Antigua, US continue Internet gaming talks

ST JOHN’S, Antigua, June 25, 2008 – Antigua and the United States are not giving up on reaching a compromise in their Internet gaming dispute, announcing that they would push back the deadline for reaching a settlement yet again and leave room open for the possibility of another extension. They will continue talks until July 11.


Antigua’s Finance Minister Errol Cort said the discussions would continue as long as both sides remained committed to reaching an agreement.


“Once we’re satisfied that there is meaningful dialogue and that the parties generally need an additional amount of time, then we will so agree,” he said. “So far we are very satisfied that the discussions and the dialogue have all been very fruitful and that we genuinely need further time to iron out certain specific issues and specific components of the proposed settlement.”


Antigua has accused the US of crippling its gambling industry by banning Americans from placing online bets with operators based outside US borders. A law passed by the US Congress in 2006 bars banks and credit card companies from processing payments to online gambling businesses outside the country, effectively blocking Antigua’s access to America’s multi-billion dollar gambling market.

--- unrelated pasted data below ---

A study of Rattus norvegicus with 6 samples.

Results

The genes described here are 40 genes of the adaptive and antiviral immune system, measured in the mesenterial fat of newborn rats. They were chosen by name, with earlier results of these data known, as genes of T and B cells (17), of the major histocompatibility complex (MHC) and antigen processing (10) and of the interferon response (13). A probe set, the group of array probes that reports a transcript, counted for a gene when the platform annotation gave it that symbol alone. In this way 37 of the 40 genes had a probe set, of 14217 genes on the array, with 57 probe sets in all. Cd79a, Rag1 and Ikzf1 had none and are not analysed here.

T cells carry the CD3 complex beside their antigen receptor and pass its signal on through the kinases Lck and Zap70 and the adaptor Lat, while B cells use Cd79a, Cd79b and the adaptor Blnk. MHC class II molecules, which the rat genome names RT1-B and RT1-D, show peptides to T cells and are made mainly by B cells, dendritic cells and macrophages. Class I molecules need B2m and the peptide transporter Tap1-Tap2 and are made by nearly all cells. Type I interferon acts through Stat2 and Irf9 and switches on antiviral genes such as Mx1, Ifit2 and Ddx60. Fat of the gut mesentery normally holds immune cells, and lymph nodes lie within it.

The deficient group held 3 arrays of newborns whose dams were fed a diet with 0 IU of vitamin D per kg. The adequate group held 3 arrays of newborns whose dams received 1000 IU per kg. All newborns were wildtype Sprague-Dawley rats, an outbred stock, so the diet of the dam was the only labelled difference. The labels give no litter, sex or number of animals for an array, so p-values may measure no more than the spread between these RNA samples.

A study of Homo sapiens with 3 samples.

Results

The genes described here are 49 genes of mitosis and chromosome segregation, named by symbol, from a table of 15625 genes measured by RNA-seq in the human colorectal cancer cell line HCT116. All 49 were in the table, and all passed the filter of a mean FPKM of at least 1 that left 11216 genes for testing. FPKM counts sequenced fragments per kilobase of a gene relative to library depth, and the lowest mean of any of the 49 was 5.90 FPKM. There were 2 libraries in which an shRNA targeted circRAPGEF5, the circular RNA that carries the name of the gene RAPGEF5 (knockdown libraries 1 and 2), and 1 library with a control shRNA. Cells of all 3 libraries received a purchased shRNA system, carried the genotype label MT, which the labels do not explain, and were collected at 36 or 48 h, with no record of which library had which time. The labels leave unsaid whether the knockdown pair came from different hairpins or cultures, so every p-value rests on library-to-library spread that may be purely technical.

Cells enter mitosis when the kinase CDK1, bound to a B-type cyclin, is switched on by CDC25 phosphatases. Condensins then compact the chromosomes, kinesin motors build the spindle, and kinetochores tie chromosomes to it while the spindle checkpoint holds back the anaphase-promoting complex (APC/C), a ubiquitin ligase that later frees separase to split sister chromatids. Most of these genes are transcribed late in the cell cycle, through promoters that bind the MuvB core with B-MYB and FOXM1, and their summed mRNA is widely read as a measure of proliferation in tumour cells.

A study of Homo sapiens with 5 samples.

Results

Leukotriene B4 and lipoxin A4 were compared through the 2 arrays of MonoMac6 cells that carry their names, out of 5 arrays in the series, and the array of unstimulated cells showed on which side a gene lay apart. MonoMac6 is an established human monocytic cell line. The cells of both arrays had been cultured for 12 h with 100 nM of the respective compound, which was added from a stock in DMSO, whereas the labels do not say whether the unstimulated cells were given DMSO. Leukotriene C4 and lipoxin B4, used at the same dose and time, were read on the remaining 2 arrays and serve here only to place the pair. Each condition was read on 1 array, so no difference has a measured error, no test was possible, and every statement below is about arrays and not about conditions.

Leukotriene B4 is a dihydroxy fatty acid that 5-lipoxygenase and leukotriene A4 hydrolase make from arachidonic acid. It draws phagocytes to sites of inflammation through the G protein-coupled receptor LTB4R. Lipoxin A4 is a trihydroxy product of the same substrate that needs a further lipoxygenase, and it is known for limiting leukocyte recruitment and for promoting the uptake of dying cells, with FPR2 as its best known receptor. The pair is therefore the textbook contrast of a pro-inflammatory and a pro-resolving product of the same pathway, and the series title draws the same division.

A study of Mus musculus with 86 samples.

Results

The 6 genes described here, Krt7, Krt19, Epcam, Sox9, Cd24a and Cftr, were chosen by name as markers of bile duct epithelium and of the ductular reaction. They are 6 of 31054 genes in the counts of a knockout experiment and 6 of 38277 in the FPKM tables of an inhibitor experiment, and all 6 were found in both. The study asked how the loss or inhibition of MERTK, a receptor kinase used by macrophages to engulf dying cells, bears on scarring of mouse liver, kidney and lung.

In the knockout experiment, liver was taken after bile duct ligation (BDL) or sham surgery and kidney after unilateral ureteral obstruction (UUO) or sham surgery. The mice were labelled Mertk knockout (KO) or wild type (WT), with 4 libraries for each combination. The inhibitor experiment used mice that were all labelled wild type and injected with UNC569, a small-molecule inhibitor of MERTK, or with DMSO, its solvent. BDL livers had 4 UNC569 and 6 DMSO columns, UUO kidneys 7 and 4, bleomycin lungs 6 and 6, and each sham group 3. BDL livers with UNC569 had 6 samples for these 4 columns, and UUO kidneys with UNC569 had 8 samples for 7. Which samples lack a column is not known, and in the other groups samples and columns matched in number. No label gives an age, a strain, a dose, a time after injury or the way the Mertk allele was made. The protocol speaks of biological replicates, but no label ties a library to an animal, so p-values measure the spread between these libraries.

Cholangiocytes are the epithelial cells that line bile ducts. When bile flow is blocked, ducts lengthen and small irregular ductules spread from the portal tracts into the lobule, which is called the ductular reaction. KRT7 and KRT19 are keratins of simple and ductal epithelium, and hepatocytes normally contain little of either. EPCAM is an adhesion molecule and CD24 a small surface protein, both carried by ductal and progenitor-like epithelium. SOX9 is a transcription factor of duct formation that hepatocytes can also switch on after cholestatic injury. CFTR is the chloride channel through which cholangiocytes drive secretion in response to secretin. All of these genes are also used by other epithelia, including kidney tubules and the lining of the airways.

In December last year, a World Trade Organisation (WTO) Dispute Settlement Body arbitrator awarded Antigua a settlement of US$21 million per year in trade sanctions as compensation, despite the country’s claim of a much more significant US$3.44 billion a year.


However, the two sides have been in talks to reach a compromise.